Announcing a new multi-media website, https://dsps.lib.uiowa.edu/mars-deepwater-gulf/ devoted to documenting and narrating the story of Royal Dutch Shell’s pioneering development of the Mars basin in the deepwater Gulf of Mexico (3,000 feet of water).
Both the Princeton campus and community will participate in a discussion of climate change and its impact on Indigenous communities throughout the Americas and Russia. Also at issue is the need to bring together the humanities and scientists to better address the crisis, and how to make that happen in this reactionary time.
Herbaria 3.0 emerged in part to counter an epidemic of “plant blindness,” or the inability to seethe plants that surround our everyday lives. Without recognizingthe plants around us, we cannot recognize that plants are essential: they give us medicines and metaphors, gardens and garlands, perfumes and poetry. Yet plants are not just objects for our fascination or use: they have their own wants, needs, and desires. They exhibit complex behaviors in response to equally complex stimuli. Plants exist in a world of complex relationships that are often hidden from human view.
The Environmental Data and Governance Initiative (EDGI) is an international network of academics and non-profits addressing potential threats to federal environmental and energy policy, and to the scientific research infrastructure built to investigate, inform, and enforce.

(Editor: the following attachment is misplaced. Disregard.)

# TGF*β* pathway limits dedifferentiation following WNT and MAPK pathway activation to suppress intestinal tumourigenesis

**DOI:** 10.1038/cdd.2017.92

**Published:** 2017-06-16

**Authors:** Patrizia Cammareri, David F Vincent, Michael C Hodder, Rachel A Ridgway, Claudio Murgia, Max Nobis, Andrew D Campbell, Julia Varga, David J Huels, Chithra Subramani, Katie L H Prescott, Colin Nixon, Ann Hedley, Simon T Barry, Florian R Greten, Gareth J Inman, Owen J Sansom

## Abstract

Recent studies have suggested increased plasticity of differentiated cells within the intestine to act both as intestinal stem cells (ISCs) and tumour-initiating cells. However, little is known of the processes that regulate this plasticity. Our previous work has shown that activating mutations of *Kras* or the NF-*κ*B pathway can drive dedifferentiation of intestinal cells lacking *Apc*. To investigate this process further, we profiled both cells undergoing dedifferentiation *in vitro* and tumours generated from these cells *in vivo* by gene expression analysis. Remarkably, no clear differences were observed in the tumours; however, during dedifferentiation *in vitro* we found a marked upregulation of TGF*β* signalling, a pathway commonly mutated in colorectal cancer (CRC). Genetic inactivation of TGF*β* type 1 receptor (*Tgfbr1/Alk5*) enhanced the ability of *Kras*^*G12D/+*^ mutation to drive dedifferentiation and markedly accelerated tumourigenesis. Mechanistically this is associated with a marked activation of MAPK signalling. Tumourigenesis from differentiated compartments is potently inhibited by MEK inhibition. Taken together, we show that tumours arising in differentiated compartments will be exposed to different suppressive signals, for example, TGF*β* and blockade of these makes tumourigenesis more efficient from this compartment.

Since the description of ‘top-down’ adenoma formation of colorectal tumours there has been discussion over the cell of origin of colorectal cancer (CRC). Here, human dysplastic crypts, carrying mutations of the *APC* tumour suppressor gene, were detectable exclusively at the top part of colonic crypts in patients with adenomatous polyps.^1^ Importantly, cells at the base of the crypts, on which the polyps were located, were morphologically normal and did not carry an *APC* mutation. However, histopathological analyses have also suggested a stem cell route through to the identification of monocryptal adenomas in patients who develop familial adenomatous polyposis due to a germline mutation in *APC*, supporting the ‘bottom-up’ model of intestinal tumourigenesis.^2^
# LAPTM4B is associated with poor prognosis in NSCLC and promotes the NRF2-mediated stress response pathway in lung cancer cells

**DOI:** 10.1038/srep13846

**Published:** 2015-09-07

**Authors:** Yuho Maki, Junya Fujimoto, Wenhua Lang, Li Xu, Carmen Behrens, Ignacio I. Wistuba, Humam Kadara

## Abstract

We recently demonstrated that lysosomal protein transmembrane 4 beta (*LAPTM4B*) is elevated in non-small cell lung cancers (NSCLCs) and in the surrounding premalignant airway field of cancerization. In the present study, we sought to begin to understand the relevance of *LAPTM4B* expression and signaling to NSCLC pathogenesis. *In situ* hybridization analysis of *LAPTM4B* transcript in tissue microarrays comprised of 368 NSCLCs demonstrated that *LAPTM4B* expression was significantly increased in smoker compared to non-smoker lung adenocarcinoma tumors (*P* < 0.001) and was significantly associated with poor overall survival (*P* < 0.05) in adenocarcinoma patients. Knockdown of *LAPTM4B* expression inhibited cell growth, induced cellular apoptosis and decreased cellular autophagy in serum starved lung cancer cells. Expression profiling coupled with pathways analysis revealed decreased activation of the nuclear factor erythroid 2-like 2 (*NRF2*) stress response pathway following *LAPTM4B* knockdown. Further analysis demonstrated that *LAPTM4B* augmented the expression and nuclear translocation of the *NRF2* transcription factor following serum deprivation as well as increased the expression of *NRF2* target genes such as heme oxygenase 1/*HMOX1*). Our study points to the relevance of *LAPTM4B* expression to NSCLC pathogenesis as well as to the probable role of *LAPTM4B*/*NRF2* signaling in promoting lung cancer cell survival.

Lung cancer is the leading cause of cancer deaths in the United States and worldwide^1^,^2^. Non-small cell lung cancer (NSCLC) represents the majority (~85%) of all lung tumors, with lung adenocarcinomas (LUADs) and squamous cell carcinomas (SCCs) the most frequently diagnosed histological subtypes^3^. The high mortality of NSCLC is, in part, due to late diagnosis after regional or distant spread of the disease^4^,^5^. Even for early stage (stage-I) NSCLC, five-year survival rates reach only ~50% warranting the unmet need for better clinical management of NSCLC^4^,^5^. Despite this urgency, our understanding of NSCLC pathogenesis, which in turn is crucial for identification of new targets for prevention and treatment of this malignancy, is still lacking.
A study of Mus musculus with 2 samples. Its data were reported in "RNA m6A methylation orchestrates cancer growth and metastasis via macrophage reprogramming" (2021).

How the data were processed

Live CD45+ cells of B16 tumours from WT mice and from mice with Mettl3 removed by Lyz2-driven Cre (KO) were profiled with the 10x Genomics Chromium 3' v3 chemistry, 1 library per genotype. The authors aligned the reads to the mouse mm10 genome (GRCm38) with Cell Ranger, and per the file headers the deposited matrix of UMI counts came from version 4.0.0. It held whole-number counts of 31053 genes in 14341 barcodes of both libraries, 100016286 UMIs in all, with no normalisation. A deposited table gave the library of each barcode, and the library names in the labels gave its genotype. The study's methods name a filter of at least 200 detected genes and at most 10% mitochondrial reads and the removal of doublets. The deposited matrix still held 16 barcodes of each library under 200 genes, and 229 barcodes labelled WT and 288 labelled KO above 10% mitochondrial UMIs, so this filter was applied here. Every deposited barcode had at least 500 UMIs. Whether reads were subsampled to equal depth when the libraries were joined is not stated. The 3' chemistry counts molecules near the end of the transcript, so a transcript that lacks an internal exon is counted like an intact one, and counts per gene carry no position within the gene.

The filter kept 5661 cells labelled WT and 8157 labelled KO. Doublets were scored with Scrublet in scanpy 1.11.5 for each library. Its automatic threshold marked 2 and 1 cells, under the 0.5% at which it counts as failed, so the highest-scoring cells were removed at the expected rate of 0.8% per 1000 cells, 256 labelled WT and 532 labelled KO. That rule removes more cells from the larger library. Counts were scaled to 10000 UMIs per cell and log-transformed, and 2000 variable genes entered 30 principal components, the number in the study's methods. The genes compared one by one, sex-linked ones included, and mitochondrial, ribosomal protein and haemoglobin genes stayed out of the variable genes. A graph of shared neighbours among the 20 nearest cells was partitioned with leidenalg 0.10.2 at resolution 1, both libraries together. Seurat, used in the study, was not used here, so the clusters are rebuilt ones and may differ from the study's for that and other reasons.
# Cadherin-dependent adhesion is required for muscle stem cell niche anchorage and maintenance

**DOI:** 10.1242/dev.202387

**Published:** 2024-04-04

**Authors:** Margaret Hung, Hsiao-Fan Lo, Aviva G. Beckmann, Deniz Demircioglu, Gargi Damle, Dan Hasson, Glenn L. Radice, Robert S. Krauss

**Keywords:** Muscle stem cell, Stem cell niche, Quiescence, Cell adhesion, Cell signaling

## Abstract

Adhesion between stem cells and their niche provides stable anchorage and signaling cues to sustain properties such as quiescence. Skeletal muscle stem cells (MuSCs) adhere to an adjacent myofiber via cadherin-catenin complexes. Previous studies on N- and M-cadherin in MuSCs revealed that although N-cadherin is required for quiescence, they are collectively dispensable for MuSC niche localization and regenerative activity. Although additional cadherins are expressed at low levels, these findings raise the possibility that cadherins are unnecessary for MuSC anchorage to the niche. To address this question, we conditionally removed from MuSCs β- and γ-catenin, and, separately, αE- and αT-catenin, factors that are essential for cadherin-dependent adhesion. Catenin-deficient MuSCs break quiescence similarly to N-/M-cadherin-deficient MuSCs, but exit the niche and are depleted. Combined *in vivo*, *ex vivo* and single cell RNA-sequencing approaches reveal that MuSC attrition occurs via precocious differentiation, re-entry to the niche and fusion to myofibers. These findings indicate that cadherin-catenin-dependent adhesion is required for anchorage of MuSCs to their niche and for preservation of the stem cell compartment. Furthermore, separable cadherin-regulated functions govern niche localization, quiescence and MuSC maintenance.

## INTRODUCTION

A multimedia site, EnviroSociety provides insights into contemporary socio-ecological issues with posts from top scholars in the social sciences that engage readers interested in current environmental topics.
The Repeat Photography Project showcases forestry-related sequences of photographs over time. The project is a collaboration between The Forest History Society and several other organizations that strives to provide a centralized location on the web for users to access, compare and interpret repeat photo sets.
Arcadia, a collaboration of the Rachel Carson Center and the European Society for Environmental History, publishes short, peer-reviewed, environmental histories on specific topics [adapted from the website].
The Environment & Society Portal is a gateway to open access resources on the human-environment relationship. Its content reflects research themes of the Rachel Carson Center for Environment and Society, its fellows, and partners. It addresses the community of teachers and researchers, as well as the interested public [from the website].
The Forest History Society (FHS) has many resources, including 45,000 published items relating to environmental history, 30,000 images and photographs, 250 oral history interviews, descriptions of 8,000 archival collections in over 450 respositories throughout the United States, and a catalog of over 400 fictional works relating to environmental history.
The Evolution of the Conservation Movement, 1850-1920 documents the historical formation and cultural foundations of the movement to conserve and protect America's natural heritage, through books, pamphlets, government documents, manuscripts, prints, photographs, and motion picture footage drawn from the collections of the Library of Congress.